Thanks to Mary and her great grandfather, William Coulson Watson

A 1906 panoramic photo of Cliff and Clifton in 1906 with the carpentry shop, stamp mill, and Methodist and Episcopal churches highlighted.

The blog recently learned that one of our reader’s great grandfather worked at the Cliff as a carpenter in the 1860’s. William Coulson Watson came to Cliff from England in 1862. Following a trend with many immigrants to the Copper Country, Watson didn’t stay in one place long. He soon left the Cliff to work for the National Mine in Ontonagon County, then returned for a second stint at Cliff in 1867 as a surface boss.

I thought I’d share this image of Cliff and Clifton from 1906 with the carpentry shop highlighted. Much of the work we are undertaking this year will involve wood artifacts and features so this story is even more interesting. Who knows, we may be excavating timber framing and wooden artifacts cut and nailed by William Coulson Watson himself.

If you have a similar story about an ancestor who worked at Cliff (or any of the early mines), please feel free to share. We at the Cliff Mine Archaeology Project would really enjoy hearing from you (as would our readers).



Currently a PhD Degree seeking student in the Michigan Tech University's Industrial Heritage and Archaeology program.

4 responses to “Thanks to Mary and her great grandfather, William Coulson Watson”

  1. ed chaput says :

    WATSON, WILLIAM COULSON Born in northern England in 1837, Watson had a truly amazing career, from the lowest of the low to corporate executive. He left school at age nine, went to some night school classes later, and worked in the coal mines for a few years. At age sixteen he became a carpenter’s apprentice, then worked as a carpenter in Liverpool until 1862, when he left for America.
    He hoped to work in the mines near Pittsburgh, but could not find a job. He then went to Lake Superior and was hired at the Cliff Mine as a carpenter. He remained in that position for three years, then went to Ontonagon County where for two years he was a carpenter at the National Mine.
    He returned briefly to the Cliff Mine, then in late 1877 was hired on at the Osceola Mine as head carpenter. By this time Watson had been a part of several major copper firms, and he was a master organizer and administrator. In 1878 Watson was promoted to assistant superintendent of the Bigelow Copper Mining Syndicate. From the 1870s into the early 1900s, the Bigelow-Clark interests of Boston were among the leading copper miners in the world. In addition to important Montana holdings, they owned the tremendously rich Osceola and Tamarack Mines, both of them a stone’s throw from the famous Calumet & Hecla Mining Company.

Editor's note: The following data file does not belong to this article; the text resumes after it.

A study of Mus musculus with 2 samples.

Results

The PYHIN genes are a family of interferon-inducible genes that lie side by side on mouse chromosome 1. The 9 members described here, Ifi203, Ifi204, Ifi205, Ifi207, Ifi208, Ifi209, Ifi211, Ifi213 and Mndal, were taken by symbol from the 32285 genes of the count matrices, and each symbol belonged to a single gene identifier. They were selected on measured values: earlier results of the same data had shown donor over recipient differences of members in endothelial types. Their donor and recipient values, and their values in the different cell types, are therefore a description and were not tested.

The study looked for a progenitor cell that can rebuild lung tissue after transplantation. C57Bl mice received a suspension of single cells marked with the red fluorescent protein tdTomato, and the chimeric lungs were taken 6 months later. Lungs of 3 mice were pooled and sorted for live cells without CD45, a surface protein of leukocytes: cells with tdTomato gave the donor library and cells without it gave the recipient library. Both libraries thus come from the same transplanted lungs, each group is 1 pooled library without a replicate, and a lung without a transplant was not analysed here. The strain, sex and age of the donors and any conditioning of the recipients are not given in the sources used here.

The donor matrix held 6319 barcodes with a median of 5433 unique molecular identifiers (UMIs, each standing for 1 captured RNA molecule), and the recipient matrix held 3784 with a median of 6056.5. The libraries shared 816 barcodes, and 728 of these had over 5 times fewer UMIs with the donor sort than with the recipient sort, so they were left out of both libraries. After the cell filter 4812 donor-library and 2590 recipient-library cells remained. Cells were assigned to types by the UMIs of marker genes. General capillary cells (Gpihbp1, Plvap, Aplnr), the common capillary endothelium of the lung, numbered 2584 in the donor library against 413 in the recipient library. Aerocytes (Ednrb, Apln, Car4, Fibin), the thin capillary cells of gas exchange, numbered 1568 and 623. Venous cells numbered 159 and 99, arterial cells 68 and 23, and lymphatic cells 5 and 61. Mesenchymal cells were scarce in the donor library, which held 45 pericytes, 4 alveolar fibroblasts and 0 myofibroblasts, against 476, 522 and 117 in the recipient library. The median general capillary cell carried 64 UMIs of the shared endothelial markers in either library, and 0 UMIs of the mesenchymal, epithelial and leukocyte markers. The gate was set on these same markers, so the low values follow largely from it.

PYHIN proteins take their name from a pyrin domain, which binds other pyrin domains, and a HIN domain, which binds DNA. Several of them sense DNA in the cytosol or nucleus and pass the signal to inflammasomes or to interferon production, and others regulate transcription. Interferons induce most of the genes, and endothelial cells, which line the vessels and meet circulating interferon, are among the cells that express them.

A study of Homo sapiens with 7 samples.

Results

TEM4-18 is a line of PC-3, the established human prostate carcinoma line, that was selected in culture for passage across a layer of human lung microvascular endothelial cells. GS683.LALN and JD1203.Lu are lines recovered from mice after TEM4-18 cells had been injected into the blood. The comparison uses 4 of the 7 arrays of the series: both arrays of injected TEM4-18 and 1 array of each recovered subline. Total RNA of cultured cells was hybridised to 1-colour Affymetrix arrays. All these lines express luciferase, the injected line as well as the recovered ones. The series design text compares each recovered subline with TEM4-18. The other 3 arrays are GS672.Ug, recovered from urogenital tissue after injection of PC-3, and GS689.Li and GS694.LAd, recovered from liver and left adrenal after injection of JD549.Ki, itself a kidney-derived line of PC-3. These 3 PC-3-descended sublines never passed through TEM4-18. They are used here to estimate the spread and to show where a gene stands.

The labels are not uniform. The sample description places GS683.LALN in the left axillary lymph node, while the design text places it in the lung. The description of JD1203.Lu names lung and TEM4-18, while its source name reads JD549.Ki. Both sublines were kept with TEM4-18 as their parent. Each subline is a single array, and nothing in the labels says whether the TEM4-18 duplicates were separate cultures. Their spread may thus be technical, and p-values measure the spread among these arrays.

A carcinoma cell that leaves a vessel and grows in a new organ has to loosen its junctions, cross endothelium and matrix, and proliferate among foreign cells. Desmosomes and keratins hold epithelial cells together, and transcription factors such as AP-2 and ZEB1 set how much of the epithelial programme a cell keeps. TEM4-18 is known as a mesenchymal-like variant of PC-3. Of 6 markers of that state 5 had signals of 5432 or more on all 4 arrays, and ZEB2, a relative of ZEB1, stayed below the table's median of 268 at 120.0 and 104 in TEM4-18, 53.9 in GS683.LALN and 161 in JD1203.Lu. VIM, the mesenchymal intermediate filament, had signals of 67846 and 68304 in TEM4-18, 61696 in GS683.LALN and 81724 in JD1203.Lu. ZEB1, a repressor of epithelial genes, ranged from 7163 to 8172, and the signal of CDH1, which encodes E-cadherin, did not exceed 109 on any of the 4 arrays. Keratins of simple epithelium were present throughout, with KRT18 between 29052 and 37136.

As assistant superintendent, Watson worked closely with Captain John Daniell and his successor, Captain William Parnall. A history of 1895 praised Watson as an outstanding mining personality in the region, “and is now the possessor of a comfortable competence.” This was true, but the Watson career still had room for additional upward movement. In the 1903 annual report of the Tamarack Mining Company, he is listed as vice-president.

  2. Joe Dancy says :

    Very neat picture, thanks for highlighting buildings. I see telephone poles so I assume electricity which places us in the 1920’s? or 1930’s time wise I assume. Interesting to see how many buildings were still around and how few trees were in the fields.

  3. Mary Schwoppe says :

    Delighted you thought my information useful. I also have two original photos of family members in front of “Cliff House” taken in 1910. The house is large and quite attractive compared to others I have seen in the ghost towns of the UP. I understand that all the Cliff houses and other buildings were removed by the mining company.
    Wishing you better weather for your continuing project work! Mary

  4. Mary Schwoppe says :

    Blogging is new to me, sorry my last reply flew your way before I finished. Started out saying your work/study is so interesting to follow. Daily, you bring “The Cliff” back to life for me. Also brings back childhood memories of climbing the tailings piles behind my grandparents’ Laurium home.

    In response to Ed Chaput: Aye, you have the right gentleman. I have his autobiography written in his own handwriting, as well as a copy of the book mentioned.

    But the greatest gifts he left behind, were 7 children, 5 of whom were born during his 13 years at The Cliff. Three college-educated sons were: Ralph, graduate of the Michigan School of Mines, became the Assistant Superintendent of the Guggenheimer Smelter in Mexico; John, who was a member of the class of 1892, and who was a civil engineer with the Tamarack Mining Company; and James, my grandfather, who became a Calumet dentist after graduating from U of M, 1900.

    Not bad at all for an immigrant who started working in the English coal mines at age 6. Only in America!